Pittsburgh's new parking meters waste citizens' time and money while invading privacy. Human error and data collection are not accounted for.
There is no allowance for incorrectly entered license plates. When one enters an incorrect plate number, there is no mechanism for the meter reader to allow for these obvious errors. Additionally, the only resolution process is to go before a traffic court judge. My last ticket was placed underneath a receipt showing payment. Had the parking authority created a means to receive a fax with the ticket and receipt, such problems would have a simple resolution.
The collection of license plate numbers is an invasion of privacy. The new system run by Cale America USA stores all license plate data on a Europe-based server. In an interview this fall on the local NPR radio station, the head of the parking authority indicated that the license numbers are not stored. The vendor says otherwise. It is unclear if the workings of the metering system are understood by the authority.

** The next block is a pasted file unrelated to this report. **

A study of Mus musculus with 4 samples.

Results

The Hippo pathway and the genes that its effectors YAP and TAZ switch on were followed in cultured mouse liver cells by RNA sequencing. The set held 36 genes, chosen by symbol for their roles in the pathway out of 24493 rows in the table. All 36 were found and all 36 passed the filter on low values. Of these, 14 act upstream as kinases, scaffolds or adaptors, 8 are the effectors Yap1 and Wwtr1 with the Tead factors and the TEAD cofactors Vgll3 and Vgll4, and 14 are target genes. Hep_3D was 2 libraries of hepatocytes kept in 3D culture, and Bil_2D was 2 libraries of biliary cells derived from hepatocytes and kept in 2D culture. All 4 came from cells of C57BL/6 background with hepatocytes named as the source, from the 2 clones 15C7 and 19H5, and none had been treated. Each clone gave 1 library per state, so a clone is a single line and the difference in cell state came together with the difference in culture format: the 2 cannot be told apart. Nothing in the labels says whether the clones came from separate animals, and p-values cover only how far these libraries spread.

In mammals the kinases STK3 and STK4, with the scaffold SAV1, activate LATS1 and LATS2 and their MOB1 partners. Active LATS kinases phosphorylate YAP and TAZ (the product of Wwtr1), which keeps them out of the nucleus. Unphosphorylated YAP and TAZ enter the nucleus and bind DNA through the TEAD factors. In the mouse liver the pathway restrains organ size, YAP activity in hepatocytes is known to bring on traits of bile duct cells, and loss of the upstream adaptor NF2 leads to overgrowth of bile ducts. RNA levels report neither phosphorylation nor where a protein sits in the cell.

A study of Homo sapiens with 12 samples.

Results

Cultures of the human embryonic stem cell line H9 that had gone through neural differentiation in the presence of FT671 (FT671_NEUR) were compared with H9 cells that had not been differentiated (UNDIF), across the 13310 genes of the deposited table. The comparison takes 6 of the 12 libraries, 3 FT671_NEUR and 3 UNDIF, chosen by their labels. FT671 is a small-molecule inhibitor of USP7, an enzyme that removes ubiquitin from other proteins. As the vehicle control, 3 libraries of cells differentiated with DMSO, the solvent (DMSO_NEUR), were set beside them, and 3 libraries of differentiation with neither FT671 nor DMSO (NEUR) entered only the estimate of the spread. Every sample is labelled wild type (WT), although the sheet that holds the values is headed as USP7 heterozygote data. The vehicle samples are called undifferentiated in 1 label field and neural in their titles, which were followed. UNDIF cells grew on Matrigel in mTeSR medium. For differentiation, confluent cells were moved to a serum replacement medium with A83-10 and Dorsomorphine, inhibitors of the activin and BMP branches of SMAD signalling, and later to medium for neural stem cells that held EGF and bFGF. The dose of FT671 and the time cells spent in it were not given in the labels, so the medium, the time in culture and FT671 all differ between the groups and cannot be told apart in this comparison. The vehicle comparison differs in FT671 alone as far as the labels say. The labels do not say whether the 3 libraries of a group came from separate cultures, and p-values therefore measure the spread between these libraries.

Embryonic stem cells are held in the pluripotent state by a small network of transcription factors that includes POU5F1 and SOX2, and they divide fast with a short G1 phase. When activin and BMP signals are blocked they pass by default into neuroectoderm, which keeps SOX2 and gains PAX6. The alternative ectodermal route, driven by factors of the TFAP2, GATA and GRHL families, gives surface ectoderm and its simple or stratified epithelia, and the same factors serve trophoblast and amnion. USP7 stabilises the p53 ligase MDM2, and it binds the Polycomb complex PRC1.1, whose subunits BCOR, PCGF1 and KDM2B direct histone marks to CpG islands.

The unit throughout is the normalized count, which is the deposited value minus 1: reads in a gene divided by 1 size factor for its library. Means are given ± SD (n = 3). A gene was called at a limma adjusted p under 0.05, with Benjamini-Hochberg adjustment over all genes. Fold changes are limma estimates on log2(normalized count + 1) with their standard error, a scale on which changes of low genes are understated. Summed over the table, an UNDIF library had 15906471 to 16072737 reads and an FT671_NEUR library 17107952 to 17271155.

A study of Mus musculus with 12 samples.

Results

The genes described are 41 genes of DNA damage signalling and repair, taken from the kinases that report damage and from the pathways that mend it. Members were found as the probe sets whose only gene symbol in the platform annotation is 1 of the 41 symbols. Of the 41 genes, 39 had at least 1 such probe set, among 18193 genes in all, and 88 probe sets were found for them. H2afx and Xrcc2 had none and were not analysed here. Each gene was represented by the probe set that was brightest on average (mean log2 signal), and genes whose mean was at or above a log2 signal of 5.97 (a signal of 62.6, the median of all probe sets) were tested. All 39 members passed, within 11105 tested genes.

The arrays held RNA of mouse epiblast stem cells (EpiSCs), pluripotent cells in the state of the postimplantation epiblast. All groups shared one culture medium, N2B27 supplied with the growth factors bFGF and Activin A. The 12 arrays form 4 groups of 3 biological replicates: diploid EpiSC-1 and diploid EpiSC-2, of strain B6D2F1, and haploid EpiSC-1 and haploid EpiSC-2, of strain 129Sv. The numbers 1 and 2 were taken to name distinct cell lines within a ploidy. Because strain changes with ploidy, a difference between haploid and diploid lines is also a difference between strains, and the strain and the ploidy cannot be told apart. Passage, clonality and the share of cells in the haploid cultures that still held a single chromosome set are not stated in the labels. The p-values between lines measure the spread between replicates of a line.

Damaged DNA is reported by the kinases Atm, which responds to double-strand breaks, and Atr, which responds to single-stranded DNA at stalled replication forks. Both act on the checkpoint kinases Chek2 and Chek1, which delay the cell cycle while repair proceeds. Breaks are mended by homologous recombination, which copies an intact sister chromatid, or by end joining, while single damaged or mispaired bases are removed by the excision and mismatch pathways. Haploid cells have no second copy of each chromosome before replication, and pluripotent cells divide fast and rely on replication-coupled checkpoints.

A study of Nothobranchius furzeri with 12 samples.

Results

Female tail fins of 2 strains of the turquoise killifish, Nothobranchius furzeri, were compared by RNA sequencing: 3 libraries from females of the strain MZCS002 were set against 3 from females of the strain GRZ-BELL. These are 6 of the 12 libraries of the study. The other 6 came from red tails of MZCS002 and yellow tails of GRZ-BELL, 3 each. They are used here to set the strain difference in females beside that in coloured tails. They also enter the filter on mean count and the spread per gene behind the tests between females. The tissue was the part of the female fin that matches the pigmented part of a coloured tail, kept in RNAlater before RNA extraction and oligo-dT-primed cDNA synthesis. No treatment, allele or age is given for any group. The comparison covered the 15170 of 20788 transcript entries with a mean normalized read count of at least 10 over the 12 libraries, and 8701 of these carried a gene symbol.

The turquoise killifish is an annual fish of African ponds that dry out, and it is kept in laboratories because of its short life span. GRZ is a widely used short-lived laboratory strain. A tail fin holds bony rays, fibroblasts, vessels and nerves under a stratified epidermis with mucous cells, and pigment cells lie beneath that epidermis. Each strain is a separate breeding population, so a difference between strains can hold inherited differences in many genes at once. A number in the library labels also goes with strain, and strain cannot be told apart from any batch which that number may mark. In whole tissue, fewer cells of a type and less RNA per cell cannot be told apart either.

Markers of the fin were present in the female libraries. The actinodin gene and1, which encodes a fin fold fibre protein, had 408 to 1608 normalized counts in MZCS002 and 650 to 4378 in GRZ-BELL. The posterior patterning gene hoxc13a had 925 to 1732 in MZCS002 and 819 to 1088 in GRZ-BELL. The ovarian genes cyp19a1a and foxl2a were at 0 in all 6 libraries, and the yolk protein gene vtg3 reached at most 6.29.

In my opinion, where one parks and for how long is not the business of the local government (or any government) so long as one pays the parking fees. In a search of articles, public statements by the parking authority and the specifications provided by Cale America, I could find no disclosure of how data is stored nor the handling of honest mistakes in entering license plate numbers.
The new Pittsburgh parking system may provide convenience and cost reduction to the Pittsburgh Parking Authority, but it does not serve the citizenry well.